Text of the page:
How do I start a civil proceeding?
How do I file a Magistrate's Complaint?
How do I file a claim against my neighbour
How do I file an appeal against a sentence or order made by the Court
How do I conduct a criminal case myself
How do I pay Court Fines?
Types of Claims which the ECT can hear
Before filing a Claim
Filing a Claim
After a Claim is filed
Settlement of disputes and Appeals
Compliance and Enforcement of Settlement Agreement and Tribunal Order
SMALL CLAIMS TRIBUNALS
How do I appeal against the Registrar's discontinuance order to the Referee (Small Claims Tribunals)?
How do I enforce an order of the Small Claims Tribunals
How do I file an appeal to the High Court against the decision of the Referee, Small Claims Tribunals
How do I file for debt recovery
How do I file a claim at the Small Claims Tribunals
Justice@State Courts mobile app
Interested in Mediation/Conciliation/ADR
Small Claims Tribunals
FAQs on court reporting
Legislation and Practice Directions
Legislation, Registrar's Circular, Practice Directions and others
International Framework for Court Excellence
International Consortium for Court Excellence
Judiciary Times (newsletter)
State Courts Judgment
Judgments published by LawNet
English to Chinese - Glossary of Terms
English to Malay - Glossary of Terms
English to Tamil - Glossary of Terms
SINGAPORE GOVERNMENT WEBSITES
Community Mediation Centre
Family Justice Courts
Insolvency and Public Trustee's Office
Legal Aid Bureau
Commissioner for Oaths
Court Fine Payment
If you claim trial, this means that you dispute the charge and would like a court hearing to defend yourself. You will be asked if you wish to engage a lawyer if you are in person.
If you wish to engage a lawyer, you will be given time to do so. Once the parties are ready, the Court may fix the case for a Pre-Trial Conference or for trial.
The purpose of the Pre-Trial Conference is to ascertain if a case is ready for trial. If the matter is fixed for a Pre-Trial Conference, you will be asked the number of witness you will be calling in support of your defence. Once the case is ready for trial, the matter will be fixed for hearing. You will be informed of the date, time and place of hearing.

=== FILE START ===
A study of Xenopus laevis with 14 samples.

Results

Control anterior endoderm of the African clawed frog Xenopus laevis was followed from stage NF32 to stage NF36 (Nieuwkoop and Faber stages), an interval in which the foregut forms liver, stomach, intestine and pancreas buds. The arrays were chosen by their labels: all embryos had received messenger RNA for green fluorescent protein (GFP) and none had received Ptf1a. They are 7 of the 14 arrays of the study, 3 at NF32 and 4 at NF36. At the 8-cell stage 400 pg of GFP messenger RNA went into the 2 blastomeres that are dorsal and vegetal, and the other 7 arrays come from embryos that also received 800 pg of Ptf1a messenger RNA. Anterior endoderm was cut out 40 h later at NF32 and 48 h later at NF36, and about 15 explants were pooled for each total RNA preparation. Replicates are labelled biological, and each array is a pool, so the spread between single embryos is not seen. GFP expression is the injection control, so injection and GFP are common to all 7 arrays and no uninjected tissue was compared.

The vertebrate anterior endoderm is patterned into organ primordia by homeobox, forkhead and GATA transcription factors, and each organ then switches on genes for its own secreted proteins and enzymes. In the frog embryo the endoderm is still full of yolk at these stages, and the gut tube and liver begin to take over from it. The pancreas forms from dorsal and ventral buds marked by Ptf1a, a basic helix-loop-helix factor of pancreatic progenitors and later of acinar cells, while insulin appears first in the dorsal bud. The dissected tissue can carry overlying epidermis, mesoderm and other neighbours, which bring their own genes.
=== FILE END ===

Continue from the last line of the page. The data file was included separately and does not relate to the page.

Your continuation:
On the day of the trial, when you attend court, you will be asked whether you plead guilty to the charge(s) against you. Once the matter is fixed for trial, the Court will not allow any adjournments of the matter. If you plead guilty, you will be sentenced by the Court.
If you claim trial, you are expected to bring along evidence, including witnesses (if any), in support of your defence on the day of the trial.
At the end of the trial, the Court will decide whether you are guilty of the offence. If the Court finds that you are guilty of the offence, you will be asked if you have any mitigating facts to present to the court. These are factors that the Court can take into consideration in deciding to impose a more lenient sentence. Thereafter, the Court will pass its sentence, which may either be a fine or imprisonment or both. Where the law provides a sentence of caning, the Court may order such a sentence if you are male and below 50 years of age.
If the Court finds that you are not guilty of the charge, you will be acquitted and discharged of the offence.